Routine difficulty in meeting statutory time limits in Scotland’s criminal justice system requires urgent attention, according to the Faculty of Advocates.
In its response to the Scottish Parliament’s Justice Committee, which is undertaking an inquiry into the Crown Office & Procurator Fiscal Service, Faculty also highlights the “blurring” of the public interest with the interests of complainers, and the demands put on limited resources by increased numbers of sexual and domestic abuse cases.
Faculty believes that a lack of resources within COPFS has had a “significant” impact on the effectiveness and efficiency of pre-indictment preparation of non-homicide and non-sexual cases.
Lengthy extensions of statutory time limits in High Court and sheriff and jury trials have become the norm in custody and bail cases, the submission states. Frequent delay in cases being indicted, coupled with increased delays in the fixing of trials, have led to the time limits – once a cornerstone of the Scottish justice system – routinely requiring to be extended.
“It is respectfully suggested that the impact of this systemic failure to comply with statutory time limits is given urgent consideration”, it added.
Faculty also questions whether COPFS has the resources and expertise to prepare and present other complex cases, and maintains that it is clear that the increased demands on limited resources by the increased number of sexual and domestic abuse cases represent “a significant challenge” to COPFS and to the criminal justice system.
With regard to decision-making, Faculty comments that there is "a widespread feeling that there is an increasing reluctance to discontinue proceedings once they have been initiated…a recurring concern is the blurring of the public interest with the perceived interest or expectations of the complainer".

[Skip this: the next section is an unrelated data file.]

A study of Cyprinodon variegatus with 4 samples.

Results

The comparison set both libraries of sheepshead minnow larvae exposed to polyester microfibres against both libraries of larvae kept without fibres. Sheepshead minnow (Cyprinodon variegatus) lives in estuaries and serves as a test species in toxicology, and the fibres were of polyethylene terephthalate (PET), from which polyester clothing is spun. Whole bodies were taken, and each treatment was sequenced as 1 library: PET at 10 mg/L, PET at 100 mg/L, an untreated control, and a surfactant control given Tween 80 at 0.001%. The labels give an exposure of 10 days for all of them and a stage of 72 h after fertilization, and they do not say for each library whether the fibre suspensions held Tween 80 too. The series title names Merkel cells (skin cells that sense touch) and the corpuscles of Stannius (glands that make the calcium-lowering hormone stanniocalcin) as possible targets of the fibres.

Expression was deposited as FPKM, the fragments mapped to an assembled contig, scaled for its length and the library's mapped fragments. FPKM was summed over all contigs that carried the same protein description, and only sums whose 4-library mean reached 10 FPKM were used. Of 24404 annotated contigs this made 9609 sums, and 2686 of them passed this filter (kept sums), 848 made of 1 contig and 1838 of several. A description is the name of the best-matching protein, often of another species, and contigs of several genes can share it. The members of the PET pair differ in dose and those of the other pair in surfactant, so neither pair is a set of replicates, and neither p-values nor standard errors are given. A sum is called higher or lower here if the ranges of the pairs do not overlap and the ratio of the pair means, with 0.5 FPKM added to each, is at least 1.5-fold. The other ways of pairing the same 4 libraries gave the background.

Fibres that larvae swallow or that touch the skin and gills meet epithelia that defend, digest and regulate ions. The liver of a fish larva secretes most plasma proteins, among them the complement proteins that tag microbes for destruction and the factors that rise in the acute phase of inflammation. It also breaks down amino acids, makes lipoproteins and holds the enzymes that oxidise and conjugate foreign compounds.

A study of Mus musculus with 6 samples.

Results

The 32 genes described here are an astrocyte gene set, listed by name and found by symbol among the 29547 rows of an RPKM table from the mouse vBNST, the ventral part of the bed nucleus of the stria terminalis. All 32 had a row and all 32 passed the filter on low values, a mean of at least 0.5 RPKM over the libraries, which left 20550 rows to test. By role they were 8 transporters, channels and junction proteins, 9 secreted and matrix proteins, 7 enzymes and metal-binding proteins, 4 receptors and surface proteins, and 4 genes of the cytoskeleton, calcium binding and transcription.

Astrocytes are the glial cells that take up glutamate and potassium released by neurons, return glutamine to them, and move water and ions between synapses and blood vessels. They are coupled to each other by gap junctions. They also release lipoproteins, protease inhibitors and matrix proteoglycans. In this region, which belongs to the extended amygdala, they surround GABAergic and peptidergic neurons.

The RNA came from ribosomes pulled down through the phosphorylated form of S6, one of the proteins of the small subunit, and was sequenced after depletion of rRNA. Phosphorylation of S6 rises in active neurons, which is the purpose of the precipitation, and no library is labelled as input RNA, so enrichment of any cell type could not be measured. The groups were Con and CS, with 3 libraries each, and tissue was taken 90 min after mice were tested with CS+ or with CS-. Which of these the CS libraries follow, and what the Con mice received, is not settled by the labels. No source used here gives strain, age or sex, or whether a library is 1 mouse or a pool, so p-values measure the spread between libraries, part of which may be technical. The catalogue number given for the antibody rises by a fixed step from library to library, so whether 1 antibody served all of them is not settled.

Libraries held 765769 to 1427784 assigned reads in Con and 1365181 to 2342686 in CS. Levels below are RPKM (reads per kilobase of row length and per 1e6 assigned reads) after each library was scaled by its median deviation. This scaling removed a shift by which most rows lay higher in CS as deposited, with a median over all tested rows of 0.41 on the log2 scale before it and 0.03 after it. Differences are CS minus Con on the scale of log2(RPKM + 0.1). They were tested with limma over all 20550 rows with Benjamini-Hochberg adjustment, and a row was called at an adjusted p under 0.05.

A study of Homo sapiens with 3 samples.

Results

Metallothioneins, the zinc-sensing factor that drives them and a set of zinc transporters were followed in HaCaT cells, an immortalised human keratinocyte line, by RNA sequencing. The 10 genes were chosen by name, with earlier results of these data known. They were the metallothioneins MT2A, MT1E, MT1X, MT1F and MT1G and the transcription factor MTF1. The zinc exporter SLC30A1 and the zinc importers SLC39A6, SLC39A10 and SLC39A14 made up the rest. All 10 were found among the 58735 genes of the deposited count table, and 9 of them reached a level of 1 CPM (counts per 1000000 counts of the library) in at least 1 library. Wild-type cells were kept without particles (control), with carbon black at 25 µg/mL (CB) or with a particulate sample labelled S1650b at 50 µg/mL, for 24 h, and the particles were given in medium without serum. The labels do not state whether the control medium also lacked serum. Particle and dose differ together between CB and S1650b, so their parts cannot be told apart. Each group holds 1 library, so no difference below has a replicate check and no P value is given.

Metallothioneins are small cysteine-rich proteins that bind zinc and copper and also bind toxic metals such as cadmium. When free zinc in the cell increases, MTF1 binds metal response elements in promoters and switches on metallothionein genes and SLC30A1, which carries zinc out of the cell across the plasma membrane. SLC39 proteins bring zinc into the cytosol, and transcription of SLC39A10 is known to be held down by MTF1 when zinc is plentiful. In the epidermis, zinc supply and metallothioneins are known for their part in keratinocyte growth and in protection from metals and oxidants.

It continues: “The Faculty is concerned about the apparent influence of complainers on the independence of prosecutorial decisions. There appears to be a widely held misconception that the prosecutor is the complainer’s lawyer and not an independent public prosecutor. While it is important that the victims of crime are treated with compassion and respect, it is imperative that the duty of the prosecutor – to act at all times in the public interest – is re-enforced whenever and wherever possible, to serving prosecutors, witnesses and to the public at large.”
It concludes: “The new Lord Advocate, Solicitor General and Crown Agent should be given time to evaluate the situation. To improve their prospects of building a prosecution service that meets the needs of stakeholders, inspires public confidence, and satisfies the interests of justice it is essential, first, that they are given the resources that are required and secondly, that they themselves attempt to address the change in culture that is needed in respect of the concerns raised in this response and, doubtless, in others. It is hoped that this inquiry provides the impetus to do both.”